De Brunier looked at him in amazement


They could scarcely believe their ears, but the sudden silence which succeeded convinced Gaspe their rough visitors had beaten a hasty retreat.

"Anyhow we will wait a bit, and make sure before we go down," they decided.

But De Brunier's first care was for his grandson, and he was missing.

"Gaspard!" he shouted, and his call was echoed by Louison and Chirag.

"Here, grandfather; I am here, I am coming," answered the boy, gently raising the trap-door and peeping down at the dismantled storeroom. A great bag of goose-feathers, which had been hoarded by some thrifty squaw, had been torn open, and the down was flying in every direction.

There was a groan from Mr. De Brunier. All his most valuable stores had vanished.

"Not quite so bad as that, grandfather," cried Gaspe brightly.

The trader stepped up on to the remains of the barricade the boys had erected, and popped his head through the open trap-door.

"Well done, Gaspard!" he exclaimed.

"This other boy helped me," was the instantaneous reply.

The other boy came out from the midst of the blanket heap, feeling more dead than alive, and expecting every moment some one would say to him, "Now go," and he had nowhere to go.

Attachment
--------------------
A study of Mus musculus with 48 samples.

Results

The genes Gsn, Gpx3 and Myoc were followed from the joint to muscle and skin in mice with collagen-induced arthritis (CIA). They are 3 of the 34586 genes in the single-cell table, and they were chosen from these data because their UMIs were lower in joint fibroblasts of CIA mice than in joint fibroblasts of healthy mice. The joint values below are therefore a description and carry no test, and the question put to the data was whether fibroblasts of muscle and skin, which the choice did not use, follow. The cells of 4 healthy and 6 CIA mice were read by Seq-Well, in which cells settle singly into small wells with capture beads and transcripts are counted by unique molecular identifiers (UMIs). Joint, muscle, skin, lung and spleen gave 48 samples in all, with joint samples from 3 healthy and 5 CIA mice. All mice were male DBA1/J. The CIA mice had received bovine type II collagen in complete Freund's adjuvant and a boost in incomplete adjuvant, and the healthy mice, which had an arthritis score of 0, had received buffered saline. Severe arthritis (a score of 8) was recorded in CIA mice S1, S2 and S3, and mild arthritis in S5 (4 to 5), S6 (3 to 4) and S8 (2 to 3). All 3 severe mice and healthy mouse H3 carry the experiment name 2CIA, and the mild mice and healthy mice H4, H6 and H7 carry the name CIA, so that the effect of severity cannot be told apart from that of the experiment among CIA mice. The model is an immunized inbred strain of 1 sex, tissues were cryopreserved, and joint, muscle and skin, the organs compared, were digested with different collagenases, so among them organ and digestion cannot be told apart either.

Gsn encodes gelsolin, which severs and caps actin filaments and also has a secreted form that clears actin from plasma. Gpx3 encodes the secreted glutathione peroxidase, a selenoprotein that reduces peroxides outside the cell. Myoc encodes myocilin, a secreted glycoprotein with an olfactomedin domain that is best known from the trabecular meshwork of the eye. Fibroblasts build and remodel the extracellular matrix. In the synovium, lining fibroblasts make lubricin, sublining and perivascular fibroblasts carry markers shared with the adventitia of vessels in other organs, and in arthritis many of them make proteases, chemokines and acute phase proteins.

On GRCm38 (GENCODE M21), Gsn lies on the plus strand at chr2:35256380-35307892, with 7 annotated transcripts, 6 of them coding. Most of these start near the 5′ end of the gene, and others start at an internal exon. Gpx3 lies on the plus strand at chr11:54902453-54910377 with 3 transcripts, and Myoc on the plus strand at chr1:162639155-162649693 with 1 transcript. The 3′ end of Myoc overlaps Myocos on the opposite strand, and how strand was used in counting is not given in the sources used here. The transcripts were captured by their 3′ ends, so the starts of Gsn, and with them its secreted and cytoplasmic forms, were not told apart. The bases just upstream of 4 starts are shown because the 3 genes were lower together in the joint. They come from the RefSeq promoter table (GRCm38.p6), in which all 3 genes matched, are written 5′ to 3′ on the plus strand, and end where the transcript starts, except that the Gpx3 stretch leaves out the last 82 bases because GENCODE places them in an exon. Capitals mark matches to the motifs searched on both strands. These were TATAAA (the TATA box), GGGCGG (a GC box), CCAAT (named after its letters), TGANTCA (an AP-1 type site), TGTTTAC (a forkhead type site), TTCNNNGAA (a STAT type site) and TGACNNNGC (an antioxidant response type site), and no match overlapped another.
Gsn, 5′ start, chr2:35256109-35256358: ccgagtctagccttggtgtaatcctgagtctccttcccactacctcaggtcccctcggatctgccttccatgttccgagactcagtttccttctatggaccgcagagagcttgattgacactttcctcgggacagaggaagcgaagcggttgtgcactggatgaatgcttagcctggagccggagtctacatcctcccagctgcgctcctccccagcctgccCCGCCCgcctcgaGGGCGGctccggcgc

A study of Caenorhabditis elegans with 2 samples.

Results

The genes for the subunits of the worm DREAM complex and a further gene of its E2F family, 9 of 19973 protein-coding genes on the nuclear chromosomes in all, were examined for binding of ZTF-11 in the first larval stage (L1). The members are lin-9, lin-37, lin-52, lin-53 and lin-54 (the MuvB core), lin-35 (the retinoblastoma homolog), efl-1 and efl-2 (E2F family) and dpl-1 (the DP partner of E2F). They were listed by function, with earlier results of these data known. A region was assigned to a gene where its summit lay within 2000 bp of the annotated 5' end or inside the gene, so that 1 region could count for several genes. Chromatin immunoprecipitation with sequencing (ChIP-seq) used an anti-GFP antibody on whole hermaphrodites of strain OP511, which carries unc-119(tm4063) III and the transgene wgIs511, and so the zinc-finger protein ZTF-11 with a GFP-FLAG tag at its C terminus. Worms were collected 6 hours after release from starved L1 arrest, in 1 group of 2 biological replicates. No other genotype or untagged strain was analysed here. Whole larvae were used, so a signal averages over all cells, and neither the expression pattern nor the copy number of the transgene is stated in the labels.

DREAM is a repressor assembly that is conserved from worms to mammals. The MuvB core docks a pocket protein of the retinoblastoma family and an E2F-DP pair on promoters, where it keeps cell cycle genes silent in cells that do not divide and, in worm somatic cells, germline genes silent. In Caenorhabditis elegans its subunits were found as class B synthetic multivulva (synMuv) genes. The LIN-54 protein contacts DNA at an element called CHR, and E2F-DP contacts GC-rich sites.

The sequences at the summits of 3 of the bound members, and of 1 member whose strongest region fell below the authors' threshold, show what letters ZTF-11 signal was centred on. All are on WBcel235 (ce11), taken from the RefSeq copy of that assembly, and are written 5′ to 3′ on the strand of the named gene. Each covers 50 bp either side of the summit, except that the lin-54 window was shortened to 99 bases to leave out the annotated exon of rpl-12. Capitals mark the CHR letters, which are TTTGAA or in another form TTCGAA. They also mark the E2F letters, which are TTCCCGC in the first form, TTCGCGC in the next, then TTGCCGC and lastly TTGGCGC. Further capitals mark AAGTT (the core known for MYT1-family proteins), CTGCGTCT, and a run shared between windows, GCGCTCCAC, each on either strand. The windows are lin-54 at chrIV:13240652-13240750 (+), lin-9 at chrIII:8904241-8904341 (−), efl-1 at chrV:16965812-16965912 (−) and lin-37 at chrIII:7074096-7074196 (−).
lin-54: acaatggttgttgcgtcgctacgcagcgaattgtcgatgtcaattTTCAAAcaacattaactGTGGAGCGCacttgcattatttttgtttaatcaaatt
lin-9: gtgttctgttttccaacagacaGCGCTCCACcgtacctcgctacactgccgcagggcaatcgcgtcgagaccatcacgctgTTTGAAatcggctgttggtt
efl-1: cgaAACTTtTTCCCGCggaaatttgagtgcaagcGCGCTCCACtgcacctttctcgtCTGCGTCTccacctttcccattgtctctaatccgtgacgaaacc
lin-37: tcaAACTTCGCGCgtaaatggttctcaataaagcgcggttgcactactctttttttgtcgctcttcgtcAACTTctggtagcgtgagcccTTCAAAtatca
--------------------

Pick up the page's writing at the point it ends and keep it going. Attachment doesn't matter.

Mr. De Brunier looked at him in amazement. A solitary boy in these lone wastes! Had he dropped from the skies?

"Come down, my little lad, and tell me who you are," he said kindly; but without waiting for a reply he walked on through the broken door to survey the devastation beyond.

"I have grown gray in the service of the Company, and never had a more provoking disaster," he lamented, as he began to count the tumbled heap of valuable furs blocking his pathway.

Louison, looking pale and feeling dizzy from his recent knock over, was collecting the bags of pemmican. Chirag, released from his imprisonment, was opening window shutters and replenishing the burnt-out fires. Gaspe dropped down from the roof, without waiting to replace the steps, and went to his grandfather's assistance, leaving Wilfred to have a good sleep in the blanket heap.

The poor boy was so worn out he slept heavily. When he roused himself at last, the October day was drawing to its close, and Gaspe was laughing beside him.

"Have not you had sleep enough?" he asked. "Would not dinner be an improvement?"

Wilfred wakened from his dreams of Acland's Hut. Aunt Miriam and Pe-na-Koam had got strangely jumbled together; but up he jumped to grasp his new friend's warm, young hand, and wondered what had happened. He felt as if he had been tossing like a ball from one strange scene to another. When he found himself sitting on a real chair, and not on the hard ground, the transition was so great it seemed like another dream.